Mumbai: With hiring activities in most Western economies in deep freeze, more and more foreigners, mostly from the US and Europe, are looking at India for jobs, a trend that has resulted in an up to 20 per cent jump in expat hiring this year, according to headhunters.
According to industry estimates, there are as many as 40,000 expats working in various industries across the country today.
"Hiring of expats has picked up by 15-20 per cent at all levels since last year, mainly on account of India being one of the fastest growing economies, offering huge job opportunities," recruitment process outsourcing firm Elixir's Consulting Manager for International Practices, Ratnesh Kumar, told PTI.
An increasing number of expats are seeking jobs in the country on account of job cuts in their home countries, coupled with rising outsourcing and high taxes, he said, adding that this was happening more in the US and Europe.
The Indian experience also adds value to the expats' resume, reflecting an individual's ability to adapt and deal with diversity, he explained.
These professionals are mainly being hired in the banking and financial services, automobile, pharma and retail sectors, apart from areas where the domestic industry does not have competencies, like alternative energy, the complex infrastructural sector, etc, he said.
"While CXOs are generally offered around $ 2,50,000 per annum, mid-manager level employees get $ 80,000-1,25,000 per annum," he said.
The number of foreigners seeking jobs in the country are no longer limited to the middle and senior levels, but is spreading over to beginners as well, he said, adding that at present, there were around 40,000 expats working in the country and the number was still growing.
What is interesting is that these expats are given compensation almost at par with what is being paid in foreign countries.
"Expats, with specialised skillsets, which are not available in the country due to financial or technology constraints, such as molecular research, are being offered highly attractive packages," Kumar said.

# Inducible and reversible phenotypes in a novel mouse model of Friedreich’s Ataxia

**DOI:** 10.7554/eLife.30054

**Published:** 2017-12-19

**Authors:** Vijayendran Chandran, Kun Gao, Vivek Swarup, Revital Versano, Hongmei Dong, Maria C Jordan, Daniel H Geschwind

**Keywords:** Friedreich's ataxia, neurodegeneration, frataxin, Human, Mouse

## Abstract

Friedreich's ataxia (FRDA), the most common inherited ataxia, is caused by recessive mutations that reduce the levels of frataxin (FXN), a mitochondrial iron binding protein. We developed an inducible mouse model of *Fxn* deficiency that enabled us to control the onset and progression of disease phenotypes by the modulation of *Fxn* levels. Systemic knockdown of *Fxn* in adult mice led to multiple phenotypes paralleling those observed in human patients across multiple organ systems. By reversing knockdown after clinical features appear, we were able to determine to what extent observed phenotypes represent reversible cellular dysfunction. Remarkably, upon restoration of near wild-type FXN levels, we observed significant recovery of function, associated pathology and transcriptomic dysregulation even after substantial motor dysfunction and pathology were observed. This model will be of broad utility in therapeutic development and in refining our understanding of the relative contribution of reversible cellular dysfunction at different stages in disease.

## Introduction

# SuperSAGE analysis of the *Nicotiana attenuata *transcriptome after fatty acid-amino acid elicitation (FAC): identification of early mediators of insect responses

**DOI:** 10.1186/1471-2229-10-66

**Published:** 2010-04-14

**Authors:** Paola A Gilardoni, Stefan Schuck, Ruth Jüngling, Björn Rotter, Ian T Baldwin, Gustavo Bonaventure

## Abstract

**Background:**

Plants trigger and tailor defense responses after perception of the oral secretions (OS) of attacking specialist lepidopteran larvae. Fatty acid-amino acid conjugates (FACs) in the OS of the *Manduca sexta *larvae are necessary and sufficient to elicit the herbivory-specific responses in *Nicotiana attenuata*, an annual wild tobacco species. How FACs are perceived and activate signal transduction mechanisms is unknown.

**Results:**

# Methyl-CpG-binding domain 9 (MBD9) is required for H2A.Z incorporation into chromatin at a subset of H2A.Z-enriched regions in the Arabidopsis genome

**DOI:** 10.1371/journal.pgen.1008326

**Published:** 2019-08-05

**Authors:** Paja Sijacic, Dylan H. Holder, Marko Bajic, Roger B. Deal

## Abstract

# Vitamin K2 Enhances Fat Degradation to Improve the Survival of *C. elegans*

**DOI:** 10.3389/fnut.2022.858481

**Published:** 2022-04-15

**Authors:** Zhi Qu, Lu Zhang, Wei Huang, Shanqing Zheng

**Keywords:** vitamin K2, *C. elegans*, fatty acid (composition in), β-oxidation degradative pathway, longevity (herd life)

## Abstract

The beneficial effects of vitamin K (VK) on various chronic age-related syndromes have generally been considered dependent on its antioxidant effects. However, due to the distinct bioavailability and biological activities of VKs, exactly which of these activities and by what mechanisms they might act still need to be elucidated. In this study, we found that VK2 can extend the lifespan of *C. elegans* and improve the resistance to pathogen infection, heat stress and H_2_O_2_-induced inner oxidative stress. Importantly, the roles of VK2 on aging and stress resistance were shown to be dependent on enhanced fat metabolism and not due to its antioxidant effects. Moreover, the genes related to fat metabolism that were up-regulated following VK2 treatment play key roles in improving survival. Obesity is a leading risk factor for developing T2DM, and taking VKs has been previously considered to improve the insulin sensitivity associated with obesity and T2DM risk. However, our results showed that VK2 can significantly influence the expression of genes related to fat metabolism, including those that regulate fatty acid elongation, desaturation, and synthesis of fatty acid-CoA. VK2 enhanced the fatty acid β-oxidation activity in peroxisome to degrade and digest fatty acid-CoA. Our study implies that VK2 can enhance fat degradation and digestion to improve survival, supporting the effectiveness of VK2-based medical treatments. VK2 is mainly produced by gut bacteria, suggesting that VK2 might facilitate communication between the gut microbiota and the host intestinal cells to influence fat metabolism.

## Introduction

Companies are also offering attractive leadership positions to experienced expatriates, ranging from mid-level managerial roles to departmental heads. However, the attrition rate of expats is around 10 per cent annually, mainly due to difficulties in communication and cultural differences, Kumar added.
Echoing a similar view, Globalhunt Director Sunil Goel said some global companies have their largest centres in the country on one hand, while on the other, many local organisations are also going global.
"So expat hiring is becoming the need of the hour, where foreigners from various parts of the globe are taking up multiple roles and are recruited as experts in sectors like infrastructure, healthcare, power and energy, oil and gas and automotive," he said.
According to TeamLease Vice-President Rituparna Chakraborty, the country has seen increased demand for expats across various industries, especially following the 2008 recession in developed economies.
"Professionals from Europe, South-East Asia and the US mostly are being hired, mainly by sectors like travel and tourism, retail, aviation, education and sports, where we see maximum traction," she said.
Talking about salaries, she said, for most levels, it is at par with industry standards, unless they are being brought in for a particular skill that is niche and non-existent within the country.